SINGAPORE — While the date of Singapore’s next General Election (GE) has not been confirmed, political analysts say that early moves by several opposition parties will work to their advantage.
Associate Professor Michael Barr of Flinders University in Adelaide told Yahoo News Singapore that he is unconvinced that a General Election will be called this year. The government must call for an election by 15 April 2021.
Nevertheless, the long-time Singapore watcher added, “There is absolutely no reason to think that the opposition is preparing too early. Considering how short the time is for nominations and campaigning, they need to start early.”
Over the weekend, Tan Cheng Bock and the Progress Singapore Party (PSP) held a public event to mark the party’s official launch. It was attended by some 500 people.
Meanwhile, the Singapore Democratic Party (SDP) announced its intention to stand in the same five constituencies that it contested in the 2015 GE. SDP chief Chee Soon Juan went on the attack, telling reporters that Singaporeans’ confidence in Prime Minister Lee Hsien Loong has been shaken.
Dr Chee also advocated the formation of an opposition alliance.
Both the PSP and SDP have moved early in order to capture the “broader political rhetoric”, noted Murdoch University's Associate Professor Terence Lee, who specialises in Singapore and Malaysia politics. “Election campaign periods (in Singapore) are very short, making each election effectively a snap poll. This gives opposition parties a very short lead time to campaign.
“For this reason alone, it is important for the opposition, and indeed the People’s Action Party, to 'work the ground' early. If they emerge from the shadows too close to nomination day, they get accused of being opportunistic.”
Short on details
While the PSP has already held two events, it has not provided many details of its policy proposals.
Garry Rodan, emeritus professor at Australia’s Murdoch University, said, “It is hard to ideologically distinguish the PSP from other existing opposition parties. Its potential impact rests more on further normalising and encouraging opposition politics through Tan’s reputation for integrity and grassroots links.”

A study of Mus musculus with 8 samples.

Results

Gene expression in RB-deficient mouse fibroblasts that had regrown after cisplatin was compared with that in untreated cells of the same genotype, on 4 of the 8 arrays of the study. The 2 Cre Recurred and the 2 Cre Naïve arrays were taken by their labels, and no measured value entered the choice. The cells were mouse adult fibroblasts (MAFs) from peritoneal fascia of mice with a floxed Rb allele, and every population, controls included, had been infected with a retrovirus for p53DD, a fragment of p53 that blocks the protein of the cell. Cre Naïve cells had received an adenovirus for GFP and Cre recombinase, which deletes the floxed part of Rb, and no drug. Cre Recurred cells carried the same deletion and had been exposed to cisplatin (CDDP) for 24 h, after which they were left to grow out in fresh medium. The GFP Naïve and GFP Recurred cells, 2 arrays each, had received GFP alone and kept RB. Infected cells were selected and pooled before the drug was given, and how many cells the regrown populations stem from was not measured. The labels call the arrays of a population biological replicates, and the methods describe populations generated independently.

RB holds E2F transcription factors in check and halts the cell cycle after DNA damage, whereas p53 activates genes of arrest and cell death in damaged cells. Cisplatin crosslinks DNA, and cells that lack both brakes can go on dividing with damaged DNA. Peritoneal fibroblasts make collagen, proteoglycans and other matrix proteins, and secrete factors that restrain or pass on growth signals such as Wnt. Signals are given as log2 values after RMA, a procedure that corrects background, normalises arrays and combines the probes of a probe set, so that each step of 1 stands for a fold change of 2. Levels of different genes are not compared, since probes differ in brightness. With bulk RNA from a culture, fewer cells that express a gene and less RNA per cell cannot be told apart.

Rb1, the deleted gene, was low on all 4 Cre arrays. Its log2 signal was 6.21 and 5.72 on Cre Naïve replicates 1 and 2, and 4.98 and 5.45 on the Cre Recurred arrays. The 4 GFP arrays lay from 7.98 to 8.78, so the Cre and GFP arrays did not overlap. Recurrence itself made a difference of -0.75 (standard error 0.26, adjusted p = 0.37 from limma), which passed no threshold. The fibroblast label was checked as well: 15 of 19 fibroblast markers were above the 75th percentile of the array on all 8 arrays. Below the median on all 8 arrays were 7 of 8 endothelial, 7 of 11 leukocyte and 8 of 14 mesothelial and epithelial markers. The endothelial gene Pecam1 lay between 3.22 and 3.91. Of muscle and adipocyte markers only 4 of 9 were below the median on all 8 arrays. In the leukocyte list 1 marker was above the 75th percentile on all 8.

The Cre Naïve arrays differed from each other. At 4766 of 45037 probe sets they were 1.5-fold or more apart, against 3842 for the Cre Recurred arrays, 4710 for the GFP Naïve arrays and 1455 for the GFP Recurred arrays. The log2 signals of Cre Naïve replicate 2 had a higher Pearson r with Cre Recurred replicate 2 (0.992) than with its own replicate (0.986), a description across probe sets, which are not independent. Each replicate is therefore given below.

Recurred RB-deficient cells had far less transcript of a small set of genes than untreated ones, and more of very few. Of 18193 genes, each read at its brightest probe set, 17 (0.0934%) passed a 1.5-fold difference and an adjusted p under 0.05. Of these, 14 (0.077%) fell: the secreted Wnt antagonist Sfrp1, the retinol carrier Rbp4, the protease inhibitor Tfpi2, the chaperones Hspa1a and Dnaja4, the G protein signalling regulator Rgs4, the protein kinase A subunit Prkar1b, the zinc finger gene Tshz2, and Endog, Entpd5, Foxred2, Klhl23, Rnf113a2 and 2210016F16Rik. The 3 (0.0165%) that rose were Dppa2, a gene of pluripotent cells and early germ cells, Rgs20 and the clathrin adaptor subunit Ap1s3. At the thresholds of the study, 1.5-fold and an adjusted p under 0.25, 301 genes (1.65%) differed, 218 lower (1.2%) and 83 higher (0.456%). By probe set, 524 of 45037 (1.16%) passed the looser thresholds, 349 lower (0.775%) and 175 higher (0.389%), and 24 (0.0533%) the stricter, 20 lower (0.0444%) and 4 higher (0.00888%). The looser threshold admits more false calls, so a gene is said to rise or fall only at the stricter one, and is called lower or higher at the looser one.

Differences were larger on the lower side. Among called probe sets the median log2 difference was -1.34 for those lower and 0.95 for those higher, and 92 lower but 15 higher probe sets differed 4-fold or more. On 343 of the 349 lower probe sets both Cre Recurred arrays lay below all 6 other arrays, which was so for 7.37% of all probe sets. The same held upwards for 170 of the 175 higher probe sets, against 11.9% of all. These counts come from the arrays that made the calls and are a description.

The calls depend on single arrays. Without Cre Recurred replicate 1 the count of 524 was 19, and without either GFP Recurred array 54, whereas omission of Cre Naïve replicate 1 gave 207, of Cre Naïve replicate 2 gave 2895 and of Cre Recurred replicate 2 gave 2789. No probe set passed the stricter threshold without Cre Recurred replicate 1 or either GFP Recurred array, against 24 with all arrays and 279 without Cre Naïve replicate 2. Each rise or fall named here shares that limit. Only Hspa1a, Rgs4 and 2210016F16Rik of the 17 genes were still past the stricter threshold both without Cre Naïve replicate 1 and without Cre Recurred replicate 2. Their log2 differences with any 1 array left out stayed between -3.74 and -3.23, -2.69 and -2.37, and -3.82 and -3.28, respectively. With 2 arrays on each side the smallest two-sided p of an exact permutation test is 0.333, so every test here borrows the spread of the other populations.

But both Prof Barr and Prof Lee reckon that a lack of details at this stage will not be a hindrance to the PSP, and is in fact a strategic move.
“I doubt that Tan is going to get very detailed on policy. Nor should he. Electorates don’t vote for oppositions because they like their policies, but because they are disenchanted with the government,” said Prof Barr.
“On the other hand they might be scared off by detailed opposition policies, as happened in the recent Australian federal election where the opposition lost an ‘unloseable’ election, substantially because they scared the electorate with detailed policies.”
Prof Lee called the lack of details “clever politics” for several reasons, pointing to the fact that there is no date for the GE yet, as well as the “short attention spans” of voters. “Interested voters - and indeed, the media - will tune back in to source for updates, which will (see) PSP 'trending' going forward.
“At this point already, the million dollar question is whether Lee Hsien Yang will throw his hat in the ring to run as a candidate.”
Lee Hsien Yang: will he or won’t he?
Perhaps the most intriguing aspect of the recent opposition moves: Lee Hsien Yang, who has declared his ‘wholehearted’ support for Tan Cheng Bock and the PSP. Could the estranged younger brother of PM Lee possibly stand for election against the PAP?
Prof Rodan cautioned that the support of the younger Lee poses a substantial risk for the PSP. “It needs to keep the focus on governance issues without being sucked into the intra-Lee family feud.”
Calling their alliance “unexpected but also not surprising”, Prof Lee said, “While I personally cannot envisage Lee Hsien Yang offering himself as a candidate in the GE, stranger things have happened in Singapore politics, so we cannot discount that possibility.”
Prof Barr even held out the tantalising possibility of Hsien Yang taking on his nephew Li Hongyi in an electoral contest. There has been persistent rumours that Li is being groomed for higher office, alongside accusations by Hsien Yang that PM Lee wants to start a political dynasty.
“If he found himself standing in the same constituency as Li Hongyi, it would be a devastating blow for Hongyi’s credibility... Hsien Yang’s presence would make it impossible for everyone to overlook everything that Hsien Yang and Wei Ling have been saying about Lee Hsien Loong’s longer term ambitions for his son.”
The reputation of Tan Cheng Bock
Like many of the opposition parties in the Republic, there is a certain cult of personality that surrounds the PSP. “Currently, the appeal of the PSP rests almost solely on Tan Cheng Bock's personality and reputation - in relation to his many years as a likeable and formidable PAP MP, as well as his near-success at the 2011 Presidential campaign. But this may change somewhat depending on the slate of candidates unveiled closer to the GE.”
Prof Barr says that the “simple messaging” of the PSP thus far, designed to pick up on the “widespread sense” that the PAP of today is not what it used to be, will work to its advantage. “Tan is popular and always was, based very much on his independent streak, and, frankly, being such a nice person. This is really his message. He is like the PAP but nicer.”
He added, “This is very simple messaging, but it is such simple messaging that generally cuts through. Whether this translates into votes, who knows? But it will certainly resonate, and his name and face are universally pretty well known across Singapore.”